Ukrainian recruitment programme comes up short
Czech moves to fill skills shortages by recruiting willing Ukrainians have not panned out as the pilot project probably counted on.
In response, the government has relaxed some of the hiring requirements for the foreign recruits, specifically the minimum wage that employees would have to promise. That was previously set at 38,000 crowns but now must only match the average wage for the region where the employer is based.
And the target is to widen the programme to the health sector given the severe labour shortages in hospitals across the Czech Republic and fact that some of the Slovaks who have hitherto helped paper over problems there might now be tempted back home by the Slovak government’s attempts to sort out its rather sorry healthcare provision.
Czech employers have hardly been backward in their criticism of the programme. They pinpoint a basic flaw being the fact that it was targeted at university graduates when the real skills shortage was somewhere else – technicians, engineers, electricians, welders, and other craftsman who simply cannot be found locally and cannot be trained in a hurry. And moves to widen the programme to target this key group have failed to win approval from the government so far.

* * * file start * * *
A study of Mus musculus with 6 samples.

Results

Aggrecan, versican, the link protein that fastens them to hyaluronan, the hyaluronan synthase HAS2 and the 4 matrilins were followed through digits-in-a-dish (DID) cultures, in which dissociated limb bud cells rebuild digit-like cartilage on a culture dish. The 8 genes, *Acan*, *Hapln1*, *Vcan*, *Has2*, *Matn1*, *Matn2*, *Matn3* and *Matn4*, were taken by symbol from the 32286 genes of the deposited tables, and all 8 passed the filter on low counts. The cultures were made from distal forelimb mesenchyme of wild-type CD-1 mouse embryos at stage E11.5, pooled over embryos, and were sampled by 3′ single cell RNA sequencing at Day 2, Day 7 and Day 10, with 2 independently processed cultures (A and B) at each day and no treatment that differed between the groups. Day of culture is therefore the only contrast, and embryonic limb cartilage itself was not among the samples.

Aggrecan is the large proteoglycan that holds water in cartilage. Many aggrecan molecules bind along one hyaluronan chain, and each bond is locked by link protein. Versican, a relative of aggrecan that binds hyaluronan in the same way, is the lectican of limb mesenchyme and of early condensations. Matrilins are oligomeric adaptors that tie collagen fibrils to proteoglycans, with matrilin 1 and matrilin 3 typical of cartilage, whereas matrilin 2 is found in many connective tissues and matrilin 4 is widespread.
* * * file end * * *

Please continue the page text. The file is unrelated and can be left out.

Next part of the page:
There has also been criticism of the delays and red tape at the Czech end of the recruitment process at consulates and the embassy in Ukraine. The Ministry of Foreign Affairs told the paper that it had boosted its staff at the Lvov consulate and as a result 5,000 more residence permits could be processed a year.
There are currently just over 47,000 Ukrainians officially working in the Czech Republic according to figures from the state Labour Office, many thousands, perhaps tens of thousands could be added to that figure from the ranks of those working unofficially in the black or grey economy.
The whole recruitment programme has also been eyed with a lot of suspicion by the biggest grouping of Czech trades unions, the Czech and Moravian Confederation of Trades Unions. It argues that a basic problem in the current Czech skills shortage is the fact that local employers are not willing to pay the rates for the job or train workers up so that they can fill the vacancies.